The asteroid 16 Psyche is the target of the NASA Discovery Programme's 14th mission. The eponymous robotic mission will be launched in 2023 and will explore a metallic asteroid for the first time in order to gain further knowledge about the formation of the Solar System and especially about the structure and development of planetary bodies. The German Aerospace Center (Deutsches Zentrum für Luft-und Raumfahrt; DLR) is supporting the NASA mission with the planning of stereo images, the generation of terrain models and the cartographic, topographic and geological analysis of the surface of 16 Psyche.
Metallic asteroid – Building block of the Solar System?
Asteroid 16 Psyche is located at a distance of approximately three times farther from the Sun than Earth, between the orbits of Mars and Jupiter. It takes the asteroid five years to complete one orbit around the Sun. With a diameter of nearly 250 kilometres, 16 Psyche is one of the largest bodies in the Main Asteroid Belt. It was discovered in 1852 by the Italian astronomer Annibale De Gasparis and named after the wife of the Greek god Eros. Scientists are particularly interested in this planetary body because it appears to consist almost completely of iron and nickel – much like Earth's core. In contrast to rocky planets like Mercury, Venus, Earth and Mars, however, the asteroid does not have a rocky exterior. Its nickel-iron composition could be an indication that 16 Psyche is perhaps the core of a once-larger body. The investigation of Earth's core (and other planetary cores) is, however, impossible as, at more than 3000 kilometres under Earth's rocky crust, it cannot be reached by scientists. "16 Psyche is the only known body in the Solar System in which a planetary nucleus can be directly examined," says Ralf Jaumann from the To the Institute's website.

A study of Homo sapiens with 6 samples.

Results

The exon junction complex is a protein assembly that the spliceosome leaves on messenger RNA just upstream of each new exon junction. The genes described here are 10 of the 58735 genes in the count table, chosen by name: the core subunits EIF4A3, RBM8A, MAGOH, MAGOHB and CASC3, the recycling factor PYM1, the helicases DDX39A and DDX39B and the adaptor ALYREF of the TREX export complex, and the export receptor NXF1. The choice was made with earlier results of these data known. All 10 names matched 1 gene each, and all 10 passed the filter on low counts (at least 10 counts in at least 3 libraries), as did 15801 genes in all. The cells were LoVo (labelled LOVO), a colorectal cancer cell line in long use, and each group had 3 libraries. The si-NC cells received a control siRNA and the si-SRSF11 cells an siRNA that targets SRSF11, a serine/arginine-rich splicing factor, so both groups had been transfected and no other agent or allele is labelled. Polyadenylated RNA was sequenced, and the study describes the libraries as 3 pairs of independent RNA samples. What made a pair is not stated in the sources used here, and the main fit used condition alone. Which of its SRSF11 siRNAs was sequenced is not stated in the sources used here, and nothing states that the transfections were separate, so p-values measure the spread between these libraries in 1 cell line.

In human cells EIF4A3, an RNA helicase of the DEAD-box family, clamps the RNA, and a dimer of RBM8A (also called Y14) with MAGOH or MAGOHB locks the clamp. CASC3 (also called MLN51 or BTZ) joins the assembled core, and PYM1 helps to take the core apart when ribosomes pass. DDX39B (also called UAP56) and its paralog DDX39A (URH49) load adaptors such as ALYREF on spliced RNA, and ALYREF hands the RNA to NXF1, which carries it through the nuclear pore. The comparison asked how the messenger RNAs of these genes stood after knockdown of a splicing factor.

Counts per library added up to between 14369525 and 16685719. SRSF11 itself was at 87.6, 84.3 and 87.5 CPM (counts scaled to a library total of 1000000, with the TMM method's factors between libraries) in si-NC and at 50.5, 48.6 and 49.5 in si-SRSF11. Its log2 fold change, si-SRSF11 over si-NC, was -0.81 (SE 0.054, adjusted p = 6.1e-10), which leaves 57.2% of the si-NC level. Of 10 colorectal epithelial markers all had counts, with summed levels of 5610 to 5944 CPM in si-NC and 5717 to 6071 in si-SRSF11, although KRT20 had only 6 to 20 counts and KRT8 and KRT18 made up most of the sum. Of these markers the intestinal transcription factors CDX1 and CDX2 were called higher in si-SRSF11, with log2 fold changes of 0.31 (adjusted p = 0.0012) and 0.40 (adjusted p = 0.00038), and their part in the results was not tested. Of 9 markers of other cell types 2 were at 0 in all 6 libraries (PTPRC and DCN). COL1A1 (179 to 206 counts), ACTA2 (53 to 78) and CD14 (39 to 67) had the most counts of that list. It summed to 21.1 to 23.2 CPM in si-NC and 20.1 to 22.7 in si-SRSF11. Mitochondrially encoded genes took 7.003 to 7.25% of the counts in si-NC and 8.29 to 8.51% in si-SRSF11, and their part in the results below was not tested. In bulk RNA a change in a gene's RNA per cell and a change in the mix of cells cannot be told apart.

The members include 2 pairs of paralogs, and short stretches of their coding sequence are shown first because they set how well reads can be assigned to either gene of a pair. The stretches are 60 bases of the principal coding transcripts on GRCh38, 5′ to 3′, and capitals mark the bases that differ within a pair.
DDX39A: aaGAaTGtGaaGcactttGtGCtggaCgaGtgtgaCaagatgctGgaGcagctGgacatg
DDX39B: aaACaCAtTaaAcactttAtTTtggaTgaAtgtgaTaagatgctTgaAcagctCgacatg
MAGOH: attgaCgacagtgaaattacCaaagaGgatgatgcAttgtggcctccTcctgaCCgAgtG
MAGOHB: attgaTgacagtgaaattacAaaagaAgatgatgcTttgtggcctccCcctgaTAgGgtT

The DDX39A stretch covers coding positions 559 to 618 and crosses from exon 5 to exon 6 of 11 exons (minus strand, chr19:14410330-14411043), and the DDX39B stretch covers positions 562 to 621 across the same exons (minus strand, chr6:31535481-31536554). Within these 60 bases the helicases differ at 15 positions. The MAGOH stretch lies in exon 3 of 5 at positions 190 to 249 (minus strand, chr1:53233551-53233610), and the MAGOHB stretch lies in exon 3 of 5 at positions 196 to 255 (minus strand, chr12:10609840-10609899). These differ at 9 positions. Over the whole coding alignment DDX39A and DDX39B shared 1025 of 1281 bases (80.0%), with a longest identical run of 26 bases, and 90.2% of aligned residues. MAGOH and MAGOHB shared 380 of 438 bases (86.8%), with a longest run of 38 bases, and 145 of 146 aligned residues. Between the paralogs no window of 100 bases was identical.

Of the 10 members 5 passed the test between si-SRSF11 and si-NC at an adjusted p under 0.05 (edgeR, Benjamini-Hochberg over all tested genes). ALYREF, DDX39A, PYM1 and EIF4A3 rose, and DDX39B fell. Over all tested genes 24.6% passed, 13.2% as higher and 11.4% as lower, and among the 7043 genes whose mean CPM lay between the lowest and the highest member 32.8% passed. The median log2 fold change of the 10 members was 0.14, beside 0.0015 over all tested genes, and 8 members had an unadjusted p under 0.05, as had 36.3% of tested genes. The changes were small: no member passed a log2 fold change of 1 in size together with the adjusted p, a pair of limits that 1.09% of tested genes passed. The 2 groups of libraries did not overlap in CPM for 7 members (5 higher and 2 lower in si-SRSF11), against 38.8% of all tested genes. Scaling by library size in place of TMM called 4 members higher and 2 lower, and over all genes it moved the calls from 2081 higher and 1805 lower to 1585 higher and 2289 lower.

The probe is scheduled for launch in 2023, and from its arrival in 2030 will explore the asteroid for 20 months from a gradually closer orbit to answer scientists' questions about its evolutionary history: Is Psyche the remains of a protoplanet in which the rocky mantle separated from the iron core due to violent collisions and ultimately left a naked metal core? Or is it a survivor of an unprecedented creation process? What knowledge will it provide about the formation of rocky planets like Mercury, Venus, Mars and Earth? These and other questions will be addressed by scientists on the Psyche mission, in which the geological and geophysical investigations of the asteroid will be conducted using four instruments. A multi-spectral camera will acquire high-resolution images of the surface. A gamma-ray and neutron spectrometer will determine the asteroid's basic composition. A magnetometer will be used to measure the magnetic field. An X-band radio-telecommunications system will provide data to determine the gravitational field.